Greg Swindell: Representing the Best of Texas

Texas is best known for producing great beef and the best football in the world, but they have another commodity that they export with similar regularity; pitchers. Highlighted by the likes of Nolan Ryan, Roger Clemens, and Greg Maddux, the Longhorn State has had 431 pitchers appear in a major league game. One of the best left-handers in that group was Greg Swindell, who enjoyed a 17 year big league career and is still closely connected to his home state.

Swindell followed up a stellar high school career by attending the University of Texas, for all intent and purposes replacing Roger Clemens, who left for the pro ranks after the 1983 season. The three seasons (1984-1986) that Swindell played at UT rank amongst the most dominant of all time in college baseball. He posted a sparkling 43-8 record in 77 games, with a 1.92 ERA and 501 strikeouts. He was the National Player of the Year as a sophomore in 1985, and still holds many Texas and NCAA records.

Given his collegiate success, it is little wonder that Swindell was one of the most highly sought after players in the 1986 MLB draft. He was taken with the second overall pick in the first round by the Cleveland Indians, who had gone just 60-102 the year before, and had one of the worst pitching staffs in baseball.  The Indians wasted little time in using their new weapon, as they gave Swindell all of three minor league starts before bringing him up to stay in 1986.

Swindell spent the first ten years of his career as one of the most dependable starters in the game. However, in 1996 he made a successful conversion to relieving, and became a stalwart in that role as well. All told, he pitched for the Indians, Astros, Twins, Red Sox, and Diamondbacks before hanging it up following the 2002 season. He compiled a 123-122 career record in 664 games, with a 3.86 ERA, and 12 shutouts and 7 saves. More information about his career statistics is available at

Swindell was integral as the left-handed specialist on the 2001 Diamondback team that shocked the New York Yankees in the World Series. He was unscored upon in his three Series appearances, including 2 holds and closing out a Game 1 win that set the tone for the entire series. His last appearance on a major league mound came during the 2002 NLDS, a fitting end to a fantastic career.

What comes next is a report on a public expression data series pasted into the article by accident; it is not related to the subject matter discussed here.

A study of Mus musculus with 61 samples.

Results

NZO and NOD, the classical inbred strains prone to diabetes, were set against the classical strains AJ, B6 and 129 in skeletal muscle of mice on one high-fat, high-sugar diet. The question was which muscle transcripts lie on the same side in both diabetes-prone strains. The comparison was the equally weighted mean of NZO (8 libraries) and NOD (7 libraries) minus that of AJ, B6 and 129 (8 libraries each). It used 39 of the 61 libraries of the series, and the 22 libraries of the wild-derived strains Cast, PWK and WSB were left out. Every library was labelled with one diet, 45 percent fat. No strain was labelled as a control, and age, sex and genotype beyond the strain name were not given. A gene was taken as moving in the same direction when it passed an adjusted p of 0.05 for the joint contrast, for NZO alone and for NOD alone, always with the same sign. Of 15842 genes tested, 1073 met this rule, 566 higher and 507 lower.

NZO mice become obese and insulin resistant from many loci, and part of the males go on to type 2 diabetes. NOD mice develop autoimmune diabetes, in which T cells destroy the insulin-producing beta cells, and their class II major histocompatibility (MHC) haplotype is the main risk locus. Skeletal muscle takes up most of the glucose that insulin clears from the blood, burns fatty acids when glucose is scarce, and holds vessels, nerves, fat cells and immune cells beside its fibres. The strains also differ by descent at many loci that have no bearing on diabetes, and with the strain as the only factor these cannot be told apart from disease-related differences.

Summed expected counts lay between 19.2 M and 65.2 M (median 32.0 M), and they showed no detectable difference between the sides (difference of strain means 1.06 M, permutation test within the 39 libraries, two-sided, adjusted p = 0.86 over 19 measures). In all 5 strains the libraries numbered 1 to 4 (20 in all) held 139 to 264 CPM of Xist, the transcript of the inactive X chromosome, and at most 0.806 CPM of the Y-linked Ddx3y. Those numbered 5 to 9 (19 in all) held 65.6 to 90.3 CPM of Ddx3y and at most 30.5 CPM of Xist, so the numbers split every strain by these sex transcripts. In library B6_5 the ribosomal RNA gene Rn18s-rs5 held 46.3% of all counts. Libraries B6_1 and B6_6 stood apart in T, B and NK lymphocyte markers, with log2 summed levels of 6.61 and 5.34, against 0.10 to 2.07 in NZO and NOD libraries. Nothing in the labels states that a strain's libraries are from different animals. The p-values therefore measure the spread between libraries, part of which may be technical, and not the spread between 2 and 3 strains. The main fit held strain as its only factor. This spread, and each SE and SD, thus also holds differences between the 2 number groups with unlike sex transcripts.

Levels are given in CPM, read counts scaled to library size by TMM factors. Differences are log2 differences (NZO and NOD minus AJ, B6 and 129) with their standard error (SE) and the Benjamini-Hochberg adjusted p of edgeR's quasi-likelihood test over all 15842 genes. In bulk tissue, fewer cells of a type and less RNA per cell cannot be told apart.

These days, while Swindell is primarily a family man, he is also still heavily involved in sports. He was inducted into the College Baseball Hall of Fame in 2008, and has worked as an analyst for major league baseball, the Little League World Series, and most recently was added to the Longhorn Network team. Despite his busy schedule, he recently took the time to answer some questions I had about his time in baseball.

Greg Swindell Interview:

How did you first become interested in baseball?: I was a six-year old bat boy for my brother’s team; Sharpstown Little League in Houston. Lived it ever since.

What was your experience like in being the 2nd overall pick in the 1986 draft?: Had no idea where I would be drafted. To be the second overall was very humbling. I was excited to start my professional career.

What was your experience like on the 1984 Olympic baseball team?: I didn't make it to Los Angeles. I had to go to summer school and pass a class. But the tour and being with all those great players was an experience that helped me in my college career.

How did you feel about getting called to the major leagues after just three games in the minors?: It was a dream come true. I never thought it would happen so quick; and when it happened it was surreal

What was your favorite moment from your playing career?: Game 7 of the 2001 World Series. Winning!!! And being able to pitch in a World Series.

Who was the toughest hitter you ever faced?: Marquis Grissom. He owned my ass. He knew it and I knew it!

How much pressure did you face following Roger Clemens at the University of Texas?: I never felt pressure. Actually the pressure came from just pitching at UT. The tradition speaks for itself.

How difficult was it to transition to relieving after so many successful years of starting in the majors?: My arm bounced back pretty easy, so relieving came natural. I lived it, and it gave me a chance to pitch almost every day.

Who was your most influential/favorite coach or manager?: I liked all my coaches and managers, but probably Charlie Manuel. He was a hitting coach, but awesome to be around because of his knowledge of the game.

If you could do anything differently about your playing career, what would that be?: I would probably have taken or had someone take pictures, and collected more things from my career. 

As far as playing; not a thing. I feel I respected the game and played the game as professional as I could!